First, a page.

So, you are in the process of buying a Greek Revival house. You are surely wondering what might be the best approach to remodel it according to its architectural features. And you are not alone. Given it is one of the most popular house styles in America, many homeowners who appreciate this style’s aesthetic are eager to preserve its architectural integrity. For this reason, this article will point out what you should pay attention to when renovating a Greek Revival home.
What is a Greek Revival home?
The construction of Greek Revival homes started at the beginning of the 19th century and lasted until the Civil war. At the time, the primary motivation for establishing this architectural style was the widespread fascination with ancient Greek culture.
Hence, influential American thinkers of the time saw America and American values as the proliferation of Greek democratic values, Greece being the cradle of democracy in Western civilization. This influenced American architects to observe 5th-century Greek temples as the pinnacle of structure and form.
As a result, Greek Revival architecture strives to implement symmetry as the principal architectural tenet. This has given rise to their imposing structures characterized by white columns and gabled rooftops. However, although these two features count as the most distinctive of the Greek Revival movement, there is much more to this architectural style that needs to be observed when renovating a Greek Revival home.
Focus on the exterior when renovating a Greek Revival home
In modern times, remodeling a Greek Revival home to retain its original awe-inspiring form should be focused on the exterior. Hence, you are at liberty to create a truly unique bedroom that will suit your taste in line with the classical characteristics proscribed by this architectural style.
However, the features of the interior should not compromise the integrity of the exterior. So, even though you may have a penchant for neon lights or bright colors, they will look out of place in a Greek Revival home.
Also, some homeowners have too many exterior decorative elements that do not fit into the architectural style. If you have the same problem, you may consider renting on-site storage from storage companies such as Zippy Shell Louisiana. This will allow you to store away all of your belongings that do not complement the simplicity of the Greek Revival style.
Pay attention to features that constitute a Greek Revival home
There are a number of exterior features you can rely on to maintain the spirit of a Greek Revival home. Let’s take a look at what they are.
Restoring columns and pediments
As mentioned, pillars, pilasters, and columns are the hallmarks of Greek Revival homes. This makes them the most eye-catching elements of the style. However, they also have an essential functional role since they carry the home’s entire structure load.
Hence, the importance of column preservation cannot be stressed enough. This is why it makes sense to primarily focus your efforts on restoring the elements of the facade.
Use white paint to evoke the eternal charm of the white marble reminiscent of Grecian temples such as the Parthenon. The surrounding walls should also be white, but here you might consider introducing a stucco siding. All in all, the columns are the main elements that maintain both the aesthetic and functional integrity of your Greek Revival home, so they should be the focus of your restoration efforts.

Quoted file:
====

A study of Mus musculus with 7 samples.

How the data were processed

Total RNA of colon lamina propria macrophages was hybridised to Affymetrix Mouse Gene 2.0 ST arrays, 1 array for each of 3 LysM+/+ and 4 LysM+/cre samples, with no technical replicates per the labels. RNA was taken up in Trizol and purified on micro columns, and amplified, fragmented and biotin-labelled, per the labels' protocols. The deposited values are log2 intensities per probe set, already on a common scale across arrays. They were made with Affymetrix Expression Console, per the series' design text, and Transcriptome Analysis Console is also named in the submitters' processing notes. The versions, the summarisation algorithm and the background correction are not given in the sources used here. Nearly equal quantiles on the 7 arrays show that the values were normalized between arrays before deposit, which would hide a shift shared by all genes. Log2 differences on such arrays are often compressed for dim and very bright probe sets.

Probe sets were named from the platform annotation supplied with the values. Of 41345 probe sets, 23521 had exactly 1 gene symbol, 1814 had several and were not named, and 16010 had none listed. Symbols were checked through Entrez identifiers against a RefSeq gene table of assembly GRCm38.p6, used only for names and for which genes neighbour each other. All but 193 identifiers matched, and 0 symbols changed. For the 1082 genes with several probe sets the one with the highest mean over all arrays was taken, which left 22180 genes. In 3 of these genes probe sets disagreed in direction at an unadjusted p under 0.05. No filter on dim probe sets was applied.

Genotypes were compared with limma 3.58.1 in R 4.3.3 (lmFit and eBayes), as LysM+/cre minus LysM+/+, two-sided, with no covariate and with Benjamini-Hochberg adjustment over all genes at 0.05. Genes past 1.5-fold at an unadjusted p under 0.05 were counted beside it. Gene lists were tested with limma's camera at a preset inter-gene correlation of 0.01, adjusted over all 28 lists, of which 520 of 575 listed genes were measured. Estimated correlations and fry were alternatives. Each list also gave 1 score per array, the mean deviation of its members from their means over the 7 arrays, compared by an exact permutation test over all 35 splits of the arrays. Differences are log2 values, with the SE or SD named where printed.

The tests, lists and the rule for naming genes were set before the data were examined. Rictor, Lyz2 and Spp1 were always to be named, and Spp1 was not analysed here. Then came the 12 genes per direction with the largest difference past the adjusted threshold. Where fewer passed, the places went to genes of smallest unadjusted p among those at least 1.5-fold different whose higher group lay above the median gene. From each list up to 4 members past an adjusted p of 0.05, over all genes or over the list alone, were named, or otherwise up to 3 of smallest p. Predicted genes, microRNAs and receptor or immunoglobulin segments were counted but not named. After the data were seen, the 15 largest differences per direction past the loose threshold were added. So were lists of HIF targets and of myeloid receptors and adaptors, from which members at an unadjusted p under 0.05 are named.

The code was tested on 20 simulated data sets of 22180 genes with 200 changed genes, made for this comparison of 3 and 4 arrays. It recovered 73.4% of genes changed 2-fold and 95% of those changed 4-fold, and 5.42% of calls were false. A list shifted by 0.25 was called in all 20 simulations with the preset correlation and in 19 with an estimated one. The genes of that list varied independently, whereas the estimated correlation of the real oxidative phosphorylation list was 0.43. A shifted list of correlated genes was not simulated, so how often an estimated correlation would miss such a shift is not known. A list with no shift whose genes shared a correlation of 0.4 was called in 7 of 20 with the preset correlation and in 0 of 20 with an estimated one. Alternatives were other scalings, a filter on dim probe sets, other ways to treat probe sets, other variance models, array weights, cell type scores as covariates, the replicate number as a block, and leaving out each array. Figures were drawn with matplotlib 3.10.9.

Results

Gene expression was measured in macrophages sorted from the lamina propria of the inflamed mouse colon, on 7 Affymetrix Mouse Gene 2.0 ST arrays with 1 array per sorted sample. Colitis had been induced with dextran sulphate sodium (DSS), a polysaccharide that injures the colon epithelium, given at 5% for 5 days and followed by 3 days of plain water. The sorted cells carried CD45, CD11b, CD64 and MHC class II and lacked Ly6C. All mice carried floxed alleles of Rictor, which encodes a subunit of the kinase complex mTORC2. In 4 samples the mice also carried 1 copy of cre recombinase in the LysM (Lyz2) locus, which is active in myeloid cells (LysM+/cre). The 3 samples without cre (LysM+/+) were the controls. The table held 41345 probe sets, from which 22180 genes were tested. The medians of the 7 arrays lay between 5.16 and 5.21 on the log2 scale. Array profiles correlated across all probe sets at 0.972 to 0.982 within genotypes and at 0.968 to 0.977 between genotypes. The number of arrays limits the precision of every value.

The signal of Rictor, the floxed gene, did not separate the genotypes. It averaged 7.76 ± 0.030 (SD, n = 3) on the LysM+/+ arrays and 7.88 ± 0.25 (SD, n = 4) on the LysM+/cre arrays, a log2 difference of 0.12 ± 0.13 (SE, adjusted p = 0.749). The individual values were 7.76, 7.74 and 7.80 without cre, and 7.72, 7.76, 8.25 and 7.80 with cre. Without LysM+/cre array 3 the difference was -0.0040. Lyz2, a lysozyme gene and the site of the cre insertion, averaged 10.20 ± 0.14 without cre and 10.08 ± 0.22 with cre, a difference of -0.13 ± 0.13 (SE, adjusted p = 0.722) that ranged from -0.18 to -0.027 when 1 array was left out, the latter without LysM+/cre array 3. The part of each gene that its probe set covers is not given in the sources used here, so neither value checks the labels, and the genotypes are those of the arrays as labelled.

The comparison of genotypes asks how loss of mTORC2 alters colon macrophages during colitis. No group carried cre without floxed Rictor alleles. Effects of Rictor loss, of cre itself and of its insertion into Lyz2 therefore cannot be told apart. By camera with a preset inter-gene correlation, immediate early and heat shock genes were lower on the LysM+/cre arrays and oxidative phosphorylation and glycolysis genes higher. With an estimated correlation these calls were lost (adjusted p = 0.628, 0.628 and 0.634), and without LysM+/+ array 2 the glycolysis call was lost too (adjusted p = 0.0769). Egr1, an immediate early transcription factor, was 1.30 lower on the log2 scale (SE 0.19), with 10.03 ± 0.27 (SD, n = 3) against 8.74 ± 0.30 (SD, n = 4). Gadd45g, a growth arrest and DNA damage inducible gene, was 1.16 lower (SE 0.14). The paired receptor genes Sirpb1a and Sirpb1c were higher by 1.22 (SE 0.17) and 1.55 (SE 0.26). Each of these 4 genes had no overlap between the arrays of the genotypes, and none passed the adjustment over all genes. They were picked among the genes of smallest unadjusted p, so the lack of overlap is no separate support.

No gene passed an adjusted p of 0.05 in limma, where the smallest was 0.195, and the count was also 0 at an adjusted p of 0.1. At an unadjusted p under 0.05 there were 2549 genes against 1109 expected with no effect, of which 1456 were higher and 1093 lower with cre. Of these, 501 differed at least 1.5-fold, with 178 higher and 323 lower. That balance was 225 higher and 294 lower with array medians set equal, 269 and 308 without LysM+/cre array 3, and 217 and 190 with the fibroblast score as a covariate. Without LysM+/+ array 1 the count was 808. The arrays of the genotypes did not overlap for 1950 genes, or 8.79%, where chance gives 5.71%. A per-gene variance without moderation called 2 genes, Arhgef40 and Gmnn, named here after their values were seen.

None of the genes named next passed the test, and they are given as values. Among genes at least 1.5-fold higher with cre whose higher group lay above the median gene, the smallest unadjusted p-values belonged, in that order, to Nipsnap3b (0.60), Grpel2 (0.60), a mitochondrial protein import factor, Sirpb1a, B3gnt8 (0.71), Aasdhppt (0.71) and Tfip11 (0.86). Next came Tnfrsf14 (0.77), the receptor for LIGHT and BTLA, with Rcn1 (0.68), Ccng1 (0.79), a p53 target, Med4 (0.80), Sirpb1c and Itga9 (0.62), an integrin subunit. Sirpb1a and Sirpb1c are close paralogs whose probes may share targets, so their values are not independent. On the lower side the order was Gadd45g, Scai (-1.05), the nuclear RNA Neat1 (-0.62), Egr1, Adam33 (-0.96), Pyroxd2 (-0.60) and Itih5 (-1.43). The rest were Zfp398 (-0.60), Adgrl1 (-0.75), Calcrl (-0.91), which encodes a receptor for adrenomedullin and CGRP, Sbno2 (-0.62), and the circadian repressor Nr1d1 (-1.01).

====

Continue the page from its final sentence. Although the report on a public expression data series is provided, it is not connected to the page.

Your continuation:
What about the pediment? The pediment is the triangular part of the structure under the roof slope. You do not have to insist on retaining this feature if the columns are adequately restored. However, they do have a practical purpose as they protect the doors and windows from the elements.
Choose between a gabled or hipped roof
Interestingly, gabled roofs are one of the most widespread roof styles in contemporary American residential architecture. Their popularity stems from their practicality, as the slanted angle helps rain and snow slide off the structure easily.
Many Greek Revival homes have flat roofs, but gabled roofs are overall more practical. This means you can keep this roof shape for practical reasons and still stay within the principles of the Greek Revival!
A hipped roof is also a common feature of Greek Revival architecture. So, if you want to mix things up a bit, this is an equally acceptable alternative to the gabled roof.
In case you decide to venture into any elaborate renovating project such as this one, be sure to execute it in phases. This will allow you to fix or change the roof structure without having to move out all of your belongings during construction. To achieve this, it might be a good idea to consider on site storage. On site storage has numerous benefits that allow you to put away the furniture and other things safely so that they do not get damaged during the process.
Restore the transom windows and sidelights
They say that the eyes are the windows to the soul. In Greek Revival architecture, the windows and front doors are the windows to the soul of the home. So, the transom windows and sidelights surrounding the doors are a crucial part of the identity of the structure.
Transom windows are positioned above the entrance and are typically in the form of a distinctive vitrage. The exterior of Greek Revival homes strives toward monolithic monumentality, or in other words, impactful simplicity. This makes transom windows essential features because they are usually the only elements that are colored.
The sidelights, or the vertical windows framing the doors, usually match the design of the transom window. Together, transom windows and sidelights add depth and aesthetic appeal to the structure. This makes their restoration a vital aspect of renovating a Greek Revival home.